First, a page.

You can easily provide a bird sanctuary right in your own backyard! All it takes is some research, patience and elbow grease. You can begin cultivating your garden and landscape to lure in lovely song birds, who will call your garden home within the season.
Check out your Current Plantings
You can begin transforming your landscape into a bird paradise by grabbing a pencil and paper. Walk through your landscape and begin to identify the plants and flowers that are currently there. If you don’t know the name of some of the plants, consult a comprehensive gardening book.
After you have inventoried all of the plants, you can then consult a horticulturalist or bird book to find out if your particular plants are bird and butterfly-friendly. A good indicator is a plant has flowers, seeds, cones, nuts and berries. If you have a wide variety of food, birds of many different varieties will surely make their way to your backyard.
Consider the food supply in your garden
Which brings us to the next point: is the food supply in your garden year-round? It is important to provide food for your birds throughout the year, so make sure that your plants are varied according to the time they seed or produce berries. In general, deciduous plants (those that drop their leaves in the winter), provide the most fruit, nuts and seeds for wildlife.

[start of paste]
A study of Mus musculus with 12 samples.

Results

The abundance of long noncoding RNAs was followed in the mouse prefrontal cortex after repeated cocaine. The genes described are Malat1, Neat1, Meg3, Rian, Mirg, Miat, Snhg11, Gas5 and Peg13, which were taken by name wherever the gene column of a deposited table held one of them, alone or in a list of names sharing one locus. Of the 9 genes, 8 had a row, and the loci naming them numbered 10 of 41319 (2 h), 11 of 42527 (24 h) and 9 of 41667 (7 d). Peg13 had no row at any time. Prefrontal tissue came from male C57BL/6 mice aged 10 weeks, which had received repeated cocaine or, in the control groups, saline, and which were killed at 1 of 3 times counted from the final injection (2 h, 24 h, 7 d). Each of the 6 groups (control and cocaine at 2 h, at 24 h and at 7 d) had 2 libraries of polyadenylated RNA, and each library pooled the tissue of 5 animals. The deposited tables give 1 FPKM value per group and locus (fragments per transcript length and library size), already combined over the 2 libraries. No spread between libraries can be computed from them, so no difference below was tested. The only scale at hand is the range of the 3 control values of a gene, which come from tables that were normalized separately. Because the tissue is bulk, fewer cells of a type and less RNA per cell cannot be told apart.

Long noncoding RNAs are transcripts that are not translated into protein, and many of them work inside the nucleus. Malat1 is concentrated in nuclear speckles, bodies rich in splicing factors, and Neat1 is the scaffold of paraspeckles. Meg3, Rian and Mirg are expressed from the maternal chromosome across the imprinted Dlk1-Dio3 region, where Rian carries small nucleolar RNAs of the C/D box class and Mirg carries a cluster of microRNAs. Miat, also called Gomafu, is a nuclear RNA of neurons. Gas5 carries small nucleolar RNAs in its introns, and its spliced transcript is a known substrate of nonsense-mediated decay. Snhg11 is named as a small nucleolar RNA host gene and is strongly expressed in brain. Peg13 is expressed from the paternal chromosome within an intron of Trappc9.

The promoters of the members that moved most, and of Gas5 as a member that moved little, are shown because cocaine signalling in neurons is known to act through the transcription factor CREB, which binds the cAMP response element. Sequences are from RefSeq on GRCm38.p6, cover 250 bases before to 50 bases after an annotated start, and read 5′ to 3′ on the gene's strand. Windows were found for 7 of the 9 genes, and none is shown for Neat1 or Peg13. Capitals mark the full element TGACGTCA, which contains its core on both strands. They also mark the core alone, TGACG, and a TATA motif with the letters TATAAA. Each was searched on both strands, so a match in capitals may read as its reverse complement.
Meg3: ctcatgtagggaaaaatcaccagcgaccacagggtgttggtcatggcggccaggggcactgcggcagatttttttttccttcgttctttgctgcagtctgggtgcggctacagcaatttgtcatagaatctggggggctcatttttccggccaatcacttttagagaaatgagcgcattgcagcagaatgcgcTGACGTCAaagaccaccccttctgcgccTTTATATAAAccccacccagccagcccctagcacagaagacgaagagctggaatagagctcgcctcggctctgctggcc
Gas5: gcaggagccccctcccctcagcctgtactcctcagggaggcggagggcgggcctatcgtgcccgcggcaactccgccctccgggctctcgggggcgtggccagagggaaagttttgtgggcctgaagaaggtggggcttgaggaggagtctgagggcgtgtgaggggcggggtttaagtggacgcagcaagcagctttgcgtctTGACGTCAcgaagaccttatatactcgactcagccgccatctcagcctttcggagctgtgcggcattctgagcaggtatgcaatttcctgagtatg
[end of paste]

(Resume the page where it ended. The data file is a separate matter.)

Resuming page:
Evergreens are also a good source of berries and seed-filled cones. Many birds may also use evergreens as protection, shelter and breeding sites.
Eliminating pesticides throughout your garden and landscape serves many purposes. First, it keeps beneficial insects and microorganisms in your garden, which are then fed on by birds. Second, it provides a safe environment for many types of wildlife. Lastly, it is good for the environment and keeps chemicals out of our soil and water systems.
If you aim to kill every insect in and around your home, remember that the ecosystem has its own set of checks and balances. In other words, if insects are a problem, encourage birds into your garden to help control the insect population.
Choosing native plants makes it easy to go organic in your garden, as they require less maintenance and fewer pesticides. Consider native grasses, for example. These plants are beautiful, easy to grow and maintain, require very little supplemental water and provide a safe haven for birds. In addition, the seeds of native grasses are often eaten by birds.
Ask a horticulturalist which native plants are best for your yard.
Provide a Water Source
Birds love water, and the quickest way of starting a bird party is to introduce a shallow pool of still water. Bird baths work great, as do shallow ponds with protruding rocks. A rough, outer area or a rock border for your water source gives smaller birds and butterflies a safe place to land.
Do not, however, create a water source that is more than three inches deep, as birds are often wary of deep water.
These small changes in your garden can not only raise its aesthetic appeal, but also its attraction to beautiful song birds.